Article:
MOUNDSVILLE, W.Va. (WTRF) – Although you’ll find women in the military now, that wasn’t always the case. 

During World War II the military needed them to fill non-combat positions. So, for the first time, all branches enlisted women. 

Louise Adams was one of them. 
If I had a chance, I’d probably go back! I questioned myself why did I come home.

Louise Adams, World War II Navy WAVES

After graduating high school in Moundsville, Adams tried to enter the workforce, but it turns out life had other plans, pointing her in the direction of the U.S. Navy.

My mother wanted us, all she kept saying ‘get a job, get a job’. I tried two or three places and I just didn’t fit in.

So, I was going up Route 2, going towards Wheeling and there was a big sign up there ‘I want you’ or ‘I need you’, something to that effect. I’m gonna research that and see if they’d like me.

Louise Adams, World War II Navy WAVES

Adams joined the Navy WAVES or Women’s Auxiliary Voluntary Emergency Service. 

After that it was boot camp in New York, which she remembers included marching and tests to find their specialties. Hers was numbers. That meant Adams was assigned to Pensacola, Florida working in payroll.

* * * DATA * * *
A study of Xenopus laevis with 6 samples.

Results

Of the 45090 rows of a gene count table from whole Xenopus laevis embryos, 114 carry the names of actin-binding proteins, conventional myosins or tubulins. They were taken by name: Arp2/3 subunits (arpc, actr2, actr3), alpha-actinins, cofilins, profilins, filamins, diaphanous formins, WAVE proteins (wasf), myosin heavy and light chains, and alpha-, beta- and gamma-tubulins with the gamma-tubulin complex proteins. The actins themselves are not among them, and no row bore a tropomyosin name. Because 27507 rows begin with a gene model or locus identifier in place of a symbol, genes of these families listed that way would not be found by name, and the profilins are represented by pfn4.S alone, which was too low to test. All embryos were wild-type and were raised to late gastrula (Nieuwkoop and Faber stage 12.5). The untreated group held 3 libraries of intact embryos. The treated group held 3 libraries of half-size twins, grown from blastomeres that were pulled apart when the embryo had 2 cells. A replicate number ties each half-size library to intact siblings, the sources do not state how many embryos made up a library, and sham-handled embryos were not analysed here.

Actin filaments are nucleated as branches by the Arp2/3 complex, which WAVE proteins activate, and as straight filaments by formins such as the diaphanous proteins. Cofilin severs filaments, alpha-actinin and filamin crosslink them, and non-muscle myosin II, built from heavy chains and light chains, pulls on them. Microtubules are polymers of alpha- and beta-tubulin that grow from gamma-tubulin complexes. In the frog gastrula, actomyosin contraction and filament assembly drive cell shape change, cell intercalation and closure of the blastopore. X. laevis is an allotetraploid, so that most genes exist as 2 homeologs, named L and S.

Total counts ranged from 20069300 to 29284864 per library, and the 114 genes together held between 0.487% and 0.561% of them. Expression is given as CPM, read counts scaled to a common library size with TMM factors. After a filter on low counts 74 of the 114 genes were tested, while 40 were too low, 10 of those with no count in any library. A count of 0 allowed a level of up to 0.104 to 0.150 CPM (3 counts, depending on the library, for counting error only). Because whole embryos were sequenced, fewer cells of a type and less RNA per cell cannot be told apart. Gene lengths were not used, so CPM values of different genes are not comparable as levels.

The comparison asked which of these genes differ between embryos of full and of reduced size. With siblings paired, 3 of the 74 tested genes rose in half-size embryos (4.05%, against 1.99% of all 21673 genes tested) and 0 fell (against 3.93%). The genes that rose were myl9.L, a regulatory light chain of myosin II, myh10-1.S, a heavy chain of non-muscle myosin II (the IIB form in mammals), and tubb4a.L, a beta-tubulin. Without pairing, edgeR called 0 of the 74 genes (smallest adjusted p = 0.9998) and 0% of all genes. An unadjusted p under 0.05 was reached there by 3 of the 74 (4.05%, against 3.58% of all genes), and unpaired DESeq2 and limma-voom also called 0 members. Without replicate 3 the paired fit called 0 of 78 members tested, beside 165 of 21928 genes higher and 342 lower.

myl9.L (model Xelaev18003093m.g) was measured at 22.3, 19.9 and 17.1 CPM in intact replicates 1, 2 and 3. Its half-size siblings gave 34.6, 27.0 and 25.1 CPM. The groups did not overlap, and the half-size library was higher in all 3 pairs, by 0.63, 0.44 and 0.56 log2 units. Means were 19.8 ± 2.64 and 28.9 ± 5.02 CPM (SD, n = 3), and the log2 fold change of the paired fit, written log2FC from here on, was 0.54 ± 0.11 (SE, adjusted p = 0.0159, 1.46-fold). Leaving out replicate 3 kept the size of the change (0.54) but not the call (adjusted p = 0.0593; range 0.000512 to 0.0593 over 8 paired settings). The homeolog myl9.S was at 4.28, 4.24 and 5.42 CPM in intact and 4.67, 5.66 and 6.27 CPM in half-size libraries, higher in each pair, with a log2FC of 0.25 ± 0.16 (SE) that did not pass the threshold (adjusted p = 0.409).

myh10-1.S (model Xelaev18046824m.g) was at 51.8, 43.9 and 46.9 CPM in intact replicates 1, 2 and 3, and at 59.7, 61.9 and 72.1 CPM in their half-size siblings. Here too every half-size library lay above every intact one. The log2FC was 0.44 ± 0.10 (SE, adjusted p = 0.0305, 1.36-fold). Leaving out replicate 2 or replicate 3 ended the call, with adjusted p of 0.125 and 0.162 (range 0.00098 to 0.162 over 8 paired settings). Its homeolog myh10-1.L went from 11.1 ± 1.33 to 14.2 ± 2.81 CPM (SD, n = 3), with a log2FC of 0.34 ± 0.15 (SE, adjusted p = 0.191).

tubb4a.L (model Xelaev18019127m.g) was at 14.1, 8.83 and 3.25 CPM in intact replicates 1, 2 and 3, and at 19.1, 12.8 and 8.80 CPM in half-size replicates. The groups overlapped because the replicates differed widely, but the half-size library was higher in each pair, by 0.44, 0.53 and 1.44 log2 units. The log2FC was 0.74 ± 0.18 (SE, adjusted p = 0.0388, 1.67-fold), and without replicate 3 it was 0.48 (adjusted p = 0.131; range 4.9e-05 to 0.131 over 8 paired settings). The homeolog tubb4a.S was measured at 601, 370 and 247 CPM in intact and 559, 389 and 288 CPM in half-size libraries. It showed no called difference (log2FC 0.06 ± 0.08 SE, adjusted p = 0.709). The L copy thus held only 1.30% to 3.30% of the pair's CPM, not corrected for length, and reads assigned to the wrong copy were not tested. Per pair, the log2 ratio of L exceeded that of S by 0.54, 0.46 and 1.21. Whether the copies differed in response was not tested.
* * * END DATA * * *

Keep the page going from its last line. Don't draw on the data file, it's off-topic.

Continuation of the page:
The captain of the ship, he sent all of the information to us on the shore. When we got it done, we either took a small plane or a small boat and went out and had payroll.

Louise Adams, World War II Navy WAVES

When the men were about to go on R&R, Adams explained that the ship’s captain would have them receive their pay on board so they wouldn’t have to wait when finally returning to the states. 

We would have to ask, tell me your name, and if their name was the same as the check, if it corresponded, they would have to make a little check mark.

Louise Adams, World War II Navy WAVES

When Adams remembers working in the office she talks about her friends and her boss saying they “were all just like family”. Her boss treated everyone like family, taking the men and women on trips like deep sea fishing. 

At that time, the men didn’t accept the women in the service and he, the boys in our office, they had to walk the line.

Louise Adams, World War II Navy WAVES

Just like the men, the women also had to follow strict Navy rules. Adams remembers keeping their uniforms and living quarters looking ship-shape. 

We had to live by the rules. We had an inspection. Here comes a lady Captain, white gloves. We had to stand at attention.

Louise Adams, World War II Navy WAVES

When her service was finished, Adams came home. She then met her husband, Blane Adams, who also served in World War II. Together they started a family and had two children.

After attending the Elliott School of Business, Adams worked for Alfred Paul & Sons and then for the County Clerk’s office for 15-years. She became one of the first to learn to use the county’s automated voting machines.

Adams went on to do many things in her life, but she will always be part of a groundbreaking group of women.

I was determined to try to do what I think and if it hadn’t been for us they may not have got their pay.

Louise Adams, World War II Navy WAVES

 Adams also has some musical talents. She once played for country star Doc Williams. She remembers Williams thought Adams and her group were talented, but didn’t have a sport for them at the time. Adams still plays the ukulele and sings.